As our series of FAQs regarding the California Consumer Privacy Act (“CCPA”) continues we are examining the scope of the law’s jurisdiction. These FAQs should help employers determine if they are required to comply with the CCPA and if so, what steps their HR professionals and IT departments should take to be in compliance.
As a reminder, the CCPA is a new privacy law that applies to data collected about California-based employees. The CCPA will go into effect in early 2020, and employers who must comply should be addressing compliance obligations now.
For US employers who have not had to comply with the GDPR, the requirements of the CCPA will likely require a new analysis of the treatment of employee-data and implementation of updated or new data policies. For employers with European operations, one key area of interest is the degree to which the CCPA aligns with the European General Data Protection Regulation (“GDPR”). Employers in compliance with the GDPR will likely already be familiar with many of the requirements of the CCPA – and with some assistance, should be able to bring their operations and policies into compliance with respect to California-based employees.
BCLP offers a complete compliance program to employers that includes a formal gap assessment as well as policies, procedures, and protocols to close identified gaps. If you or your organization would like information on this compliance program or any other issue, please contact us or one of your other trusted BCLP attorneys.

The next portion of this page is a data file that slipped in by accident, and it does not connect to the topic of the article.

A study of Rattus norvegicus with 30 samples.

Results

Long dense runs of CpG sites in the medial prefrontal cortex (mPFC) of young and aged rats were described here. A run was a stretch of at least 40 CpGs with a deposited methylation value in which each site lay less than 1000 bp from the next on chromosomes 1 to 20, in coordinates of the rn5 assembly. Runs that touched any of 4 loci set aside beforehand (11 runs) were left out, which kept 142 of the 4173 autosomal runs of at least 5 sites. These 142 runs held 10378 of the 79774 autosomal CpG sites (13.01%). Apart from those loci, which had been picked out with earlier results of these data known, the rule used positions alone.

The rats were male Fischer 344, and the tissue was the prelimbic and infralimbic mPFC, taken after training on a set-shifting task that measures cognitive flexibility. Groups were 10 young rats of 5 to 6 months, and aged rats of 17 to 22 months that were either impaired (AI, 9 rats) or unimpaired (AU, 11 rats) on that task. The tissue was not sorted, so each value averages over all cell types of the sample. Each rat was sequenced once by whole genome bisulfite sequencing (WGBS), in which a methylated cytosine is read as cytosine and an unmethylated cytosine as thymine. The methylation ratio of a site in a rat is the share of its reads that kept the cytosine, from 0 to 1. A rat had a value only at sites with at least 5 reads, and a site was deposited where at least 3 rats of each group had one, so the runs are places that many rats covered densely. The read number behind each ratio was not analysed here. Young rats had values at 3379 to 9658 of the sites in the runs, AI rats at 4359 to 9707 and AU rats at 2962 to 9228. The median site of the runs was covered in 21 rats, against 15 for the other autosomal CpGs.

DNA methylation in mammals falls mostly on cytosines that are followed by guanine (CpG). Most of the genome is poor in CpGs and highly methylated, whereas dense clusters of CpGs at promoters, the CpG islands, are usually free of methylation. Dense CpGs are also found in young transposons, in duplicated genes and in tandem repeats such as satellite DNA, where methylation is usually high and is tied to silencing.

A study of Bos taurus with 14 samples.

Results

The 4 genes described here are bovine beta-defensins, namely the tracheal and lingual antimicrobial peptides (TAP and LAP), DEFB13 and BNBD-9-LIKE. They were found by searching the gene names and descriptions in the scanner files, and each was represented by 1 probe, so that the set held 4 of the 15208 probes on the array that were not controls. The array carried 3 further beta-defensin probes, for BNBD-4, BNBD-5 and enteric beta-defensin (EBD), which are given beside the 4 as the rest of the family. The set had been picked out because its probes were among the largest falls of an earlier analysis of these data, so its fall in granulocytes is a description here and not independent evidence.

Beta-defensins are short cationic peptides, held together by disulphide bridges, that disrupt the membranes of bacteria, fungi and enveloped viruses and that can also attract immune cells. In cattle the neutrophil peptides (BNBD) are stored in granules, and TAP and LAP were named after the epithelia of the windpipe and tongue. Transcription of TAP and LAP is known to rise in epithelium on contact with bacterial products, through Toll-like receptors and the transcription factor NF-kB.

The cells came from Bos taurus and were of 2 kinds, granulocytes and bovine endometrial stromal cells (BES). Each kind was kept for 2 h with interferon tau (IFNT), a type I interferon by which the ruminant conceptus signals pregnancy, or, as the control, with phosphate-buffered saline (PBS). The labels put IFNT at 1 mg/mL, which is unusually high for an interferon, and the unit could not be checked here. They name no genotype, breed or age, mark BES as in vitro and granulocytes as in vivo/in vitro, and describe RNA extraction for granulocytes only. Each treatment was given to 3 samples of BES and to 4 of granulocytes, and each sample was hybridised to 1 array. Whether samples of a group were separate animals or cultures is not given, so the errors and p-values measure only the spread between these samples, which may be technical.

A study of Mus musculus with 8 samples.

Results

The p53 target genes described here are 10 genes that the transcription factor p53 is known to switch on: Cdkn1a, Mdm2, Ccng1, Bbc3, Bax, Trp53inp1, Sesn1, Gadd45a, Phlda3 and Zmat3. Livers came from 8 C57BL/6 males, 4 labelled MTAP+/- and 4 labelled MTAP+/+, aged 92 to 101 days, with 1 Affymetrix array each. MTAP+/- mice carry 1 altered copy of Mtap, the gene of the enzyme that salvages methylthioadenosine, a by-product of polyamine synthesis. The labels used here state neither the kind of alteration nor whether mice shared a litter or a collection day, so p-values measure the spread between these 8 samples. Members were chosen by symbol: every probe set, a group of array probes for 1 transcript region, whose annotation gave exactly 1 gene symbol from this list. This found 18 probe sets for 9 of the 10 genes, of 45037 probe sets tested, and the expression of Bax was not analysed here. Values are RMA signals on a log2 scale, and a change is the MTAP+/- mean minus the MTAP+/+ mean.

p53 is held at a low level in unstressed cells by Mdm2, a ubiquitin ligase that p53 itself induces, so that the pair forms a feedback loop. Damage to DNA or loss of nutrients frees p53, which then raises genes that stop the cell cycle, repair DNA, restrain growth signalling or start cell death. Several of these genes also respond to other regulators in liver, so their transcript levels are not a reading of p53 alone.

Question #7: If an employer is based in California, will the CCPA requirements apply to all employee data held by the employer?
Assuming that the CCPA applies to the employer , it will only impact data that the company holds about “consumers.” As is discussed in FAQ #1, “consumer” is defined by the CCPA as a “natural person who is a California resident,” which will include California-based employees. As a result, if a California-based employer processes “personal information” about a resident of another state – or a resident of another country – that information should not be subject to the CCPA. In other words, for multi-state employers, the CCPA will not apply to employees residing outside of California.
Example: Assume Company A (with revenue over $25 million) is based in Palo Alto and has both European and American employees. The CCPA should only apply to the information collected about Californians and should not apply to the information collected from residents in other states or in Europe. 
As a practical matter, this means that an employer that must comply with the CCPA, but has national or global operations, will have to have a set of privacy notices, employee procedures, and vendor agreement provisions that are tailored for its California- resident employees.